Priority Date

The vast majority of foreign countries will grant priority from the U.S. filing date if you file within a year of your U.S. filing date. For example, if you file in Japan within one year of filing in the United States, your U.S. filing date is counted as your Japanese priority date. The priority date is extremely important because anything published (or produced) after the priority date can be used as a reference against your application. For example, if you were to file in the United State, introduce your product, and then file in Europe a year and a day after your U.S. filing date (destroying your ability to claim priority from the U.S. filing date), you would be unable to obtain European patent protection because the product that you had introduced in the U.S. would act as a reference against the European Patent Application and would destroy the invention's novelty in Europe.

The Patent Cooperation Treaty (PCT)

Most countries in the world are signatories to the PCT. You can effectively file in all these countries at once, for a fee of about $2,300 (the fee just recently has been reduced). Typically a patent attorney will charge between $1,000 and $2,000 on top of that for preparing the filing papers. It is very important to understand that the fee for filing a PCT application is only a pittance in comparison with how much will have to be spent pursuing international coverage in any sizable subset of the PCT signatory nations. For example, to obtain patent coverage in Japan and most European countries will actually cost about $100,000. Moreover, these countries require annual maintenance fee payments for the application both before and after it issues as a patent. Counting these fees, over the life of the application/patent one can expect to pay more than $200,000. Accordingly, foreign patent prosecution is something that should be undertaken only after careful thought. It might be galling to think of the Tajikistanis gloating over free use of your invention, but it could be best just to let them have it for free, rather than spending money pursuing protection for a market that will not give you a return on that investment.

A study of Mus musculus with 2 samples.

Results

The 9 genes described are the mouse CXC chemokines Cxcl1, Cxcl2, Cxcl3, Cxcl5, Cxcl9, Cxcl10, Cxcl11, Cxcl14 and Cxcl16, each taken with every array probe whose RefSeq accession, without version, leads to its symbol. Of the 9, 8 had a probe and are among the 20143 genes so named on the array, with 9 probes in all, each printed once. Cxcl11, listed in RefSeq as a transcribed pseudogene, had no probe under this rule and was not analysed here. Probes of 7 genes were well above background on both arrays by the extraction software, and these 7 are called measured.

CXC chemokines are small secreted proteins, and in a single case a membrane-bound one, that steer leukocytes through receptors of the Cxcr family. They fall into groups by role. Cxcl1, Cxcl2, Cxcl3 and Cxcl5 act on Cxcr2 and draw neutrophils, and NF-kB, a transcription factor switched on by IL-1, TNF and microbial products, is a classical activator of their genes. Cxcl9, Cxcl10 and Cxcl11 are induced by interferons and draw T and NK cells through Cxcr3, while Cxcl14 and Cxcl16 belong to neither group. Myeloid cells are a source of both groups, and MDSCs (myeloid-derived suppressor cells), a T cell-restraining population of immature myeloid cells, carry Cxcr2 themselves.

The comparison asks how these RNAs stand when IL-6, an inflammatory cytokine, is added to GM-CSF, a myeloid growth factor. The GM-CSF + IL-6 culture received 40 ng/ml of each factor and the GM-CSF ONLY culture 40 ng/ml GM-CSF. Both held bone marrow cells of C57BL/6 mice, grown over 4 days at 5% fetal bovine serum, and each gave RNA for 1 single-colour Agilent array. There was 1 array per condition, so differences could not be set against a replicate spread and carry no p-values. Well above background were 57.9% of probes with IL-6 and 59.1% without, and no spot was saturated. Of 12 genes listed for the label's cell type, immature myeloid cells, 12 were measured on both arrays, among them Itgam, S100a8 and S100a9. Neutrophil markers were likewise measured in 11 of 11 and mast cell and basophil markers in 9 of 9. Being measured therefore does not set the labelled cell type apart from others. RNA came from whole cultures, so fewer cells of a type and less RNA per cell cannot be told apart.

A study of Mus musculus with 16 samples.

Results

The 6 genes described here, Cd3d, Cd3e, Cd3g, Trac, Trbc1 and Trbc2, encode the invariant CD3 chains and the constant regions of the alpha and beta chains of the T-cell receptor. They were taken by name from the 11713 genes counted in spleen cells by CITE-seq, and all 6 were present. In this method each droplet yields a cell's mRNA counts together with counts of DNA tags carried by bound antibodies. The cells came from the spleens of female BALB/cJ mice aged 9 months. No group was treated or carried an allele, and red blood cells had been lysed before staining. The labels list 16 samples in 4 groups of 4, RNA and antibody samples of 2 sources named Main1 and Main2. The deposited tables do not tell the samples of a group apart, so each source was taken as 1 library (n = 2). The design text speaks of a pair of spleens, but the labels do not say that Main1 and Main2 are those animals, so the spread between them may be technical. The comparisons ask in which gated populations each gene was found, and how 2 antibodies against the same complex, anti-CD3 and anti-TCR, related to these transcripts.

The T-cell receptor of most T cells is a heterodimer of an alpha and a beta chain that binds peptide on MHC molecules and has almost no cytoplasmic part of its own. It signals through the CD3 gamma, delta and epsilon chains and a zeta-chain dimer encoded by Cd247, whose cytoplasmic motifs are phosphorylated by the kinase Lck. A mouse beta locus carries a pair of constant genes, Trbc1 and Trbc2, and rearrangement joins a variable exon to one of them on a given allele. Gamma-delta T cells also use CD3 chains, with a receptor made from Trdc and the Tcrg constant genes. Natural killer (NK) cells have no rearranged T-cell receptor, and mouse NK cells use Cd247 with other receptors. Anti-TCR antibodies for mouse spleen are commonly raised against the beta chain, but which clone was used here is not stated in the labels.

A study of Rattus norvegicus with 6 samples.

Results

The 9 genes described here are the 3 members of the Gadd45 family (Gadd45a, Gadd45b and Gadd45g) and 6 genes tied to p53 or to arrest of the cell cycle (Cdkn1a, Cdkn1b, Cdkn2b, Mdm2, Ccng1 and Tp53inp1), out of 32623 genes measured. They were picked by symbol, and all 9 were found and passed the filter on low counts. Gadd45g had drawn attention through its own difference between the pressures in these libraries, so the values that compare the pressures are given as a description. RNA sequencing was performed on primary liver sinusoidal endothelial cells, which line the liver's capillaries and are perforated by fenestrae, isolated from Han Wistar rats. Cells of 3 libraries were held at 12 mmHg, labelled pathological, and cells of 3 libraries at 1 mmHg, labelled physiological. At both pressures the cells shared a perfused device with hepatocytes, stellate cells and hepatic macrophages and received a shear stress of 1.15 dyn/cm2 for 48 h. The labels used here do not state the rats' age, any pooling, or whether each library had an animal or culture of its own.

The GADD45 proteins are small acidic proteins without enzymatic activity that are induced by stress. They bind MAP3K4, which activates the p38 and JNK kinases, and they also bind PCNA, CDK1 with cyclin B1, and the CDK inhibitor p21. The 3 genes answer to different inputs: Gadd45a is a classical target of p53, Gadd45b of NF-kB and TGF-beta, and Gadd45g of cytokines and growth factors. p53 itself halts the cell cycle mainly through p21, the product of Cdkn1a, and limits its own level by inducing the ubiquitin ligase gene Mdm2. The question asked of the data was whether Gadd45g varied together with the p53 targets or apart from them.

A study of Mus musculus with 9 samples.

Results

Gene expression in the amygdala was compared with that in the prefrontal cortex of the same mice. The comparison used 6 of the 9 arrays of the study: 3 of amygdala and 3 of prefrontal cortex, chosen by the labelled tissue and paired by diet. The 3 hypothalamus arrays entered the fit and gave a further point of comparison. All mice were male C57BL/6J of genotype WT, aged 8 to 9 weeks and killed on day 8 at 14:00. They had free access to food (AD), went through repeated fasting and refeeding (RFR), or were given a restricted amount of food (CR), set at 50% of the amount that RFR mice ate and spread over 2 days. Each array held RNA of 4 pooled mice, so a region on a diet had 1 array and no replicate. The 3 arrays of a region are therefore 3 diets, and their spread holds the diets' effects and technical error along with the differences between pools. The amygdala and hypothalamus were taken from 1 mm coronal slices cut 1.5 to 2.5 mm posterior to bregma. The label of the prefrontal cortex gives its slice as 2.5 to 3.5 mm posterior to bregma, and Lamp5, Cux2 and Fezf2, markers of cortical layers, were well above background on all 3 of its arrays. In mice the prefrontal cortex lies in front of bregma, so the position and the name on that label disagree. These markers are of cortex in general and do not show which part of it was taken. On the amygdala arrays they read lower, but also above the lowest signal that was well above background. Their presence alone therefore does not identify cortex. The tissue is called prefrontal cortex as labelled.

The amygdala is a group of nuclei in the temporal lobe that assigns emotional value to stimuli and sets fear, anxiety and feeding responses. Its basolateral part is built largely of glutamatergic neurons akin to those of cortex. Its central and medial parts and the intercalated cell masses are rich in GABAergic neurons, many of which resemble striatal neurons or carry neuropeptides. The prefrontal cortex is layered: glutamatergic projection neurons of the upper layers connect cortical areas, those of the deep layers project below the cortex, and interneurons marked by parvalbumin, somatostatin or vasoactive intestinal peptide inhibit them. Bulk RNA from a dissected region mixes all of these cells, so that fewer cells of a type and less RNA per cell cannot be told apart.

PCT timeline

A few months after filing a PCT application you should receive search results. Then, 19 months after your home country filing date, you must file a Demand for Examination, or be forced to file directly in your target countries at 20 months from your home country filing date. If you have filed a demand for examination, you will receive an International Preliminary Examination Report (IPER), which you have the right to respond to by amending the application and/or arguing.

Finally,30 months from the home country filing date is the deadline for filing most national phase and regional phase applications. A major exception is a European Patent Office application, which can be filed 31 months from the home country filing date.

Disclaimer: Nothing in this web site should be taken as legal advice. Nothing in this web site establishes an attorney client relationship with the viewer. Please feel free to contact me by telephone or by email.